Some years ago, I was sitting in a missionary meeting listening to an Aboriginal Australian speak of Christian work among his own people. He illustrated his talk with the usual slides of the outback, but there was one slide that seemed to me, totally out of place. It was a picture of his home, and there out the front was a genuine spear-carrying concrete Aboriginal garden gnome. If it had been a Homer Simpson or the like, there would some sanity in it.
Actually, some friends of ours removed their parents Aboriginal garden ornament and gave him an enforced holiday. For the next year they sent postcards home from "Neville" as he toured the outback on walkabout, and yes, even a picture of him with some of his friends. He even got married and was photographed with his new bride.
It gives me the cold shivers how we have so easily confused culture with the Christian faith. In the name of Jesus we have dressed half the world's native population in bras and bloomers. Every culture thinks it's superior and we Westerners are no exception. In truth though, the Christian faith stands quite apart from culture. In fact, if you want to give it a home, it's more Eastern than Western, but in the end, it's a faith for all mankind. God is not limited to cultural barriers.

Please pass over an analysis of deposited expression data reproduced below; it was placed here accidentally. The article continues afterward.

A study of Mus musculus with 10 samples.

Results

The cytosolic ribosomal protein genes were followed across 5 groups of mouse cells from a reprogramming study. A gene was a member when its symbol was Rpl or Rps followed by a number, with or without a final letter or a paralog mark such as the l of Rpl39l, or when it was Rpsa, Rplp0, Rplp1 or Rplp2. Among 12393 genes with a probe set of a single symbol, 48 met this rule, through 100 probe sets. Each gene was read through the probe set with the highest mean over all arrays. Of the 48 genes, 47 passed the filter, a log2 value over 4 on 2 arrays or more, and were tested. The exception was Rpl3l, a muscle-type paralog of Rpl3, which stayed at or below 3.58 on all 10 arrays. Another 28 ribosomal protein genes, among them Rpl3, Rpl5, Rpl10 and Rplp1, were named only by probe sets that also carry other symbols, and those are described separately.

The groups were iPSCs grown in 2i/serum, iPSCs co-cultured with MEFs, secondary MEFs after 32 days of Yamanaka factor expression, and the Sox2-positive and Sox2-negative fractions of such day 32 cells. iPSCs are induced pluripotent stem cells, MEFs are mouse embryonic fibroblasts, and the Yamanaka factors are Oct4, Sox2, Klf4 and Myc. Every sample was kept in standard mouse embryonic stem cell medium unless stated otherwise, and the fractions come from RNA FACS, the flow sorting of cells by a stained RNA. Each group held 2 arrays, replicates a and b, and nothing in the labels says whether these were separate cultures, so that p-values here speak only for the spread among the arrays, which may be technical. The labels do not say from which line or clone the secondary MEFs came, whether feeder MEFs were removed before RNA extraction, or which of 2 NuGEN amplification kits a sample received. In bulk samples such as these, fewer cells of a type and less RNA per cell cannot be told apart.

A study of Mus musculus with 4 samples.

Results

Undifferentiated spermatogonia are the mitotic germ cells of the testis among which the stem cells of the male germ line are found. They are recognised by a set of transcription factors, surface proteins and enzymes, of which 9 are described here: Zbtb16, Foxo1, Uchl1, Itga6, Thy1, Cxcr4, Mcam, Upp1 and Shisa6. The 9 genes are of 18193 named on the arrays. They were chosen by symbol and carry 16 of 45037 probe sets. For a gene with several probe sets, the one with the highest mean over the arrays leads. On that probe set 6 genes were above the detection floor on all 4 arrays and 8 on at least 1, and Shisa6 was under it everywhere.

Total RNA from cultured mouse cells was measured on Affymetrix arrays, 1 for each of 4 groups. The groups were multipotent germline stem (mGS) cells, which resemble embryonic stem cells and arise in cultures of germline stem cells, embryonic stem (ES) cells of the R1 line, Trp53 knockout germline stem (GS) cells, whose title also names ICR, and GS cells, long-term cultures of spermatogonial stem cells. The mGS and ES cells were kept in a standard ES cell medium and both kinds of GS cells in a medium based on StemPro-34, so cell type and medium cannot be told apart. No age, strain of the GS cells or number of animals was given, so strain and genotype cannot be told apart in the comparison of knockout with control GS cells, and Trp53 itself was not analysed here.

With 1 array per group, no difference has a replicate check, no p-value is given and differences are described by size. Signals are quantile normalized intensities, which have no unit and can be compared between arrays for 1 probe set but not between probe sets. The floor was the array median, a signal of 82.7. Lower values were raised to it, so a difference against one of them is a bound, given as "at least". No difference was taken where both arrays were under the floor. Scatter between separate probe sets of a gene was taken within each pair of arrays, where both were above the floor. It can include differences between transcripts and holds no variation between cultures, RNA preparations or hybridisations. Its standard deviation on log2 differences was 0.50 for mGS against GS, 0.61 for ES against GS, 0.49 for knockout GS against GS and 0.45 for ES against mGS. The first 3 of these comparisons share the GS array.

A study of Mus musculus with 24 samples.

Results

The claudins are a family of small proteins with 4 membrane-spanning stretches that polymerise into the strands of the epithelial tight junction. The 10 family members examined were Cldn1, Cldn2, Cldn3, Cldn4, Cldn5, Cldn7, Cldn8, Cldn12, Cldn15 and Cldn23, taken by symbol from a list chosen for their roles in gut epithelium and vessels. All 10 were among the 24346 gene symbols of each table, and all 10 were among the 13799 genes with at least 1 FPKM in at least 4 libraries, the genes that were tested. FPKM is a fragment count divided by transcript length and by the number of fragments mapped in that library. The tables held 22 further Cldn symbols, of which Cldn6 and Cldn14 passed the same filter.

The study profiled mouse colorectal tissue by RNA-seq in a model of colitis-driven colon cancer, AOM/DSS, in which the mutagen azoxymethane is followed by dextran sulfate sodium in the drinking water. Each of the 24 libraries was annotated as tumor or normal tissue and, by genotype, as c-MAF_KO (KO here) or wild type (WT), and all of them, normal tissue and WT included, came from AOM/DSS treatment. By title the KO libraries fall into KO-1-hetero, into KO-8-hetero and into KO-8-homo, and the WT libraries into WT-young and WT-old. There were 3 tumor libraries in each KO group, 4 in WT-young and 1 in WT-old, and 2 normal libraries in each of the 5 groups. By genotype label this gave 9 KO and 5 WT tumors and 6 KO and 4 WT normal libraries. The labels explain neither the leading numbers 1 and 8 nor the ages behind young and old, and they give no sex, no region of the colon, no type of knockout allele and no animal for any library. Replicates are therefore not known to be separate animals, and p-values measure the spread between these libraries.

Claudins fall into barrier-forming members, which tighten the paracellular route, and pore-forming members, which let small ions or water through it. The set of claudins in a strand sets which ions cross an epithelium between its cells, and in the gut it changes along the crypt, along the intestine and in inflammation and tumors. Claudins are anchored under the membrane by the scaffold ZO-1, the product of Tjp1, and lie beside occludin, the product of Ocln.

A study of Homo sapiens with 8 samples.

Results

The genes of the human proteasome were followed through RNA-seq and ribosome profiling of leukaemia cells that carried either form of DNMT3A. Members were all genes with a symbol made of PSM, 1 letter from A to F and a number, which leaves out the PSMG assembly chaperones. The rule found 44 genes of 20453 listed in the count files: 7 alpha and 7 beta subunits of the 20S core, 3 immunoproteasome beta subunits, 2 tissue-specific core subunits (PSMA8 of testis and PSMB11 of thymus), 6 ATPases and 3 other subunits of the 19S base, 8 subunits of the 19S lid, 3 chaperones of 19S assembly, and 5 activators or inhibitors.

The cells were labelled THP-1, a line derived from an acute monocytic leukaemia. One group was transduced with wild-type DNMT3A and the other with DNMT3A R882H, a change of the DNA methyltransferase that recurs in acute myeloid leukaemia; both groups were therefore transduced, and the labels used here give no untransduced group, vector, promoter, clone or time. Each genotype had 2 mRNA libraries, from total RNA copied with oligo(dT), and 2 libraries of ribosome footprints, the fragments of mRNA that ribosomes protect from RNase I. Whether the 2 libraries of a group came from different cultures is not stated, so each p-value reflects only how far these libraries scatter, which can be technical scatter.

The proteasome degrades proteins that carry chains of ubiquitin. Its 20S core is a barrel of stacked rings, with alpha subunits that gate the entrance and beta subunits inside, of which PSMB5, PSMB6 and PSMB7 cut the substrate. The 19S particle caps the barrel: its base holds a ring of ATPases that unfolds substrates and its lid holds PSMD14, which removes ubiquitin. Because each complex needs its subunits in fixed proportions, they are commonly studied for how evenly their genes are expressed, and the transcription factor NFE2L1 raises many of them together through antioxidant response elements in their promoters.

There can be nothing but good in a tribal people coming to learn of the Creator's greater revelation of himself in Jesus Christ. This may affect some customs, for example, human sacrifice, infanticide.... Yet, in the long run, very little of a people's culture need be affected by a greater awareness of God the Creator.
There's one argument in favour of "westernizing" tribal people. How much weight it has, I'll let you decide. It has nothing to do with religion, although, out of compassion, many missionary groups do the "westernizing". It's the view that the spread of civilization is destroying the natural habitat of native tribes and therefore, if they're to survive, they must be educated and prepared for the onslaught. Much of this type of work is going on at this very moment in the Amazon jungle. Christian missions are literally saving tribes from extermination. The social results, though, are enormous. The people often lose their and identify and self worth. Yet, at the same, some do make the transition, but of more importance, some come to know their Creator.